Comprehensive three-dimensional analysis of right-sided aortic arch with multiple vascular anomalies
© Lee et al.; licensee BioMed Central Ltd. 2014
Received: 9 March 2014
Accepted: 18 August 2014
Published: 20 August 2014
Right-sided aortic arch is a rare congenital defect usually diagnosed incidentally in adults; it is often asymptomatic unless aneurismal disease develops. In half the cases, an aberrant left subclavian artery arises from a Kommerell’s diverticulum; in these cases, congenital heart anomaly is very rarely present.
We report a case of incidentally-detected right-sided aortic arch with multiple vascular anomalies including left subclavian artery originating from a Kommerell’s diverticulum, supra-sinus origin of coronary arteries and coronary arteriovenous fistula.
Through comprehensive 3-dimensional reconstruction of the aortic arch and surrounding structures we defined anatomical relationships, which is useful for follow-up and treatment.
KeywordsRight-sided aortic arch Kommerell’s diverticulum 3-dimensional reconstruction
In 1936, Burckhard Friedrich Kommerell first described an aberrant right subclavian artery originating from the descending thoracic aorta of a left-sided arch and associated with persistence of a remnant of the right dorsal aorta. This now called Kommerell’s diverticulum consists of both an aneurysm of the thoracic aorta and an aneurismal orifice of the aberrant subclavian artery . Right-sided aortic arch with aberrant left subclavian artery originating from a Kommerell’s diverticulum is an uncommon arch abnormality seen in about 0.05% of the general population ; it is usually asymptomatic and incidentally detected. Symptoms in adults often result from early atherosclerotic changes in the anomalous vessels, and/or dissection or aneurismal dilatation with compression of surrounding structures . Computed tomography (CT) now allows three-dimensional (3D) reconstruction of multiple organs, as exemplified in this case report of a patient with right-sided aortic arch and multiple vascular anomalies. This information is relevant to symptom follow-up and treatment.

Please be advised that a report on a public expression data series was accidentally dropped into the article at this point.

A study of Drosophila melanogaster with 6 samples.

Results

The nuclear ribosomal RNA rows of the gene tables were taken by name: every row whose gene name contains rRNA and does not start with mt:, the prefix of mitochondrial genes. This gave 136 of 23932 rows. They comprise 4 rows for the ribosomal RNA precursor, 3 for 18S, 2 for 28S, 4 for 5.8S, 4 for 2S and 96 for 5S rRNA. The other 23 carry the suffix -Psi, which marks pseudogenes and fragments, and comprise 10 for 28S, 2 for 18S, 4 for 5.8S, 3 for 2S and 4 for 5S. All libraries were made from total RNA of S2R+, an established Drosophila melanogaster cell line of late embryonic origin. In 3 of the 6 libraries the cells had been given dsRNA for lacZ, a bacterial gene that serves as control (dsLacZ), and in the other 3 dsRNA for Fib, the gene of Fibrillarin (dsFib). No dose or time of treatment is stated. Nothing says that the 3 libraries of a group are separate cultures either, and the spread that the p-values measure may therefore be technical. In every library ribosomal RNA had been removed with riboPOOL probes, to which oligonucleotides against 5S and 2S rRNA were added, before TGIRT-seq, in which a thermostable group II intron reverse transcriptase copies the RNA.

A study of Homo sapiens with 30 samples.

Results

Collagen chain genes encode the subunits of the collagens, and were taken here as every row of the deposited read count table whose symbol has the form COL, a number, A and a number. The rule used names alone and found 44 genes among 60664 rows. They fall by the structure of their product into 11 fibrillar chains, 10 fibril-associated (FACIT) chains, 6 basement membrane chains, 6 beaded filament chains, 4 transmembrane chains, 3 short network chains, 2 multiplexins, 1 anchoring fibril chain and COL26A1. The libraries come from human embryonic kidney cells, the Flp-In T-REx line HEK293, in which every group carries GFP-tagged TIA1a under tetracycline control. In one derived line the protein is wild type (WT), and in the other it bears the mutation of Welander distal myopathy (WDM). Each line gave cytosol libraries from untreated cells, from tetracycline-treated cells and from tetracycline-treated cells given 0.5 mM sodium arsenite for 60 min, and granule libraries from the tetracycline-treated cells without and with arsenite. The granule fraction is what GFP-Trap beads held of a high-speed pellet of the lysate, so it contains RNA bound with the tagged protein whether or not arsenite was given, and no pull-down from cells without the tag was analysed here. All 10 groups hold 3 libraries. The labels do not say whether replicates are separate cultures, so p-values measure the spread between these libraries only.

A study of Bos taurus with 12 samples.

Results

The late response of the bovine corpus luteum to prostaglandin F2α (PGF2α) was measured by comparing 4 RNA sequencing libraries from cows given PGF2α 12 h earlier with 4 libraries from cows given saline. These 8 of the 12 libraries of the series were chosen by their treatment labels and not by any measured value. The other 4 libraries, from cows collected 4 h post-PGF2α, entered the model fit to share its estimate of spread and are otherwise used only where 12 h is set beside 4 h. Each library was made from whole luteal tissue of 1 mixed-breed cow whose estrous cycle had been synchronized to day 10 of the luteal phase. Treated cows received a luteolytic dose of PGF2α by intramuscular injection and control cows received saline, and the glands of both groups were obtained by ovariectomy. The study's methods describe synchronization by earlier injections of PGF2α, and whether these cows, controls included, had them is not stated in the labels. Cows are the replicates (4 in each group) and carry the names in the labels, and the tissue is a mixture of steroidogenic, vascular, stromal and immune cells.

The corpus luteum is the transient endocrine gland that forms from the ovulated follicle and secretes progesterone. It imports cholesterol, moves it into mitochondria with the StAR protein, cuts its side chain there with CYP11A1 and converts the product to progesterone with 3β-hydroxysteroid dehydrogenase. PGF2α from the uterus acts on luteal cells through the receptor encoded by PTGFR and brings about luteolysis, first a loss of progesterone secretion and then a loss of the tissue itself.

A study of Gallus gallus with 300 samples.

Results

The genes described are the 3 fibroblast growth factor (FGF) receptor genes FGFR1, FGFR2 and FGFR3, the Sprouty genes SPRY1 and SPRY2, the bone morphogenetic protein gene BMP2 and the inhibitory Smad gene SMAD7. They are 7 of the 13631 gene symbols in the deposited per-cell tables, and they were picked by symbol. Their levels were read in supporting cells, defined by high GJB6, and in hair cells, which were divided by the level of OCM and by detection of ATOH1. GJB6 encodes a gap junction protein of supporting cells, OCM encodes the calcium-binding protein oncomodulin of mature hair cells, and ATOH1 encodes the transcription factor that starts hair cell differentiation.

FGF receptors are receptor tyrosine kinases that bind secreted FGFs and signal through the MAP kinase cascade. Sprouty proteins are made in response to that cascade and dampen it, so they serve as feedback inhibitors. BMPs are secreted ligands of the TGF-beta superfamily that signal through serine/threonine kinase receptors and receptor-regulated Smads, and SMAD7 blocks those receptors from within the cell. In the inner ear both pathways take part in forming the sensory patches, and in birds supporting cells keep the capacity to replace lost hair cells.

A right-sided aortic arch results from persistence of the right fourth aortic arch with suppression of the corresponding left vessels . The classification of Felson and Palayew offers an anatomically sensible distinction between two variants clinically differing in presentation, associations, and prognosis . Type 1, in which the left subclavian artery originates together with the left common carotid artery, or just proximal to it, is the mirror image of normal anatomy. In approximately 75% of these patients, cyanotic congenital anomalies (including tetralogy of Fallot, pulmonary stenosis with ventricular septal defects, tricuspid atresia, and truncus arteriosus) are present. Type 2 is associated with an aberrant left subclavian artery arising either as the last branch of the right-sided aortic arch or from an aortic diverticulum, known as a Kommerell’s diverticulum, which is a remnant of the left dorsal aortic arch. Type 2 is more common than type 1, and congenital heart anomalies are present in only 5% to 10%. The type 2 right-sided aortic arch is the variant form in the case presented here.
As previously mentioned, Kommerell’s diverticulum may cause symptoms of tracheal or esophageal compression, such as dysphagia, dyspnea, stridor, wheezing, cough, choking spells, or chest pain . However, right-sided aortic arch may be asymptomatic . Our patient did not experience symptoms related to compression even though the esophagus was compressed by the Kommerell’s diverticulum.
A right-sided aortic arch can present with a number of vascular anomalies of the aortic arch system . In this patient, the right-sided aortic arch had multiple vascular variations including anomalous origin of left subclavian artery from a Kommerell’s diverticulum, supra-sinus origin of coronary arteries and coronary arteriovenous fistula. To the best of our knowledge, this is the first report of a patient with multiple vascular anomalies, such as coronary arteriovenous fistula in this setting.
Most symptoms requiring surgery are secondary to compression of the trachea or esophagus by the aberrant vascular structures . Therefore, a meticulous analysis of vascular structure using 3D CT angiography is useful not only to define multiple combined vascular anomalies but also to demonstrate their relationships with the trachea and esophagus . In addition, imaging with 3D reconstructions of the aorta can improve accuracy of diagnosis of multiple vascular anomalies and facilitate endovascular or surgical planning.
Comprehensive imaging with 3D reconstructions could be the gold standard for detecting multiple vascular malformations and understanding relationships with adjacent structures in these patients.
Written informed consent was obtained from the patient for publication of this case report and the accompanying images. A copy of the written consent form is available for review by the Editor of this journal.
The authors would like to thank all the staff of the Department of Radiology in Yeungnam University Hospital for their assistance.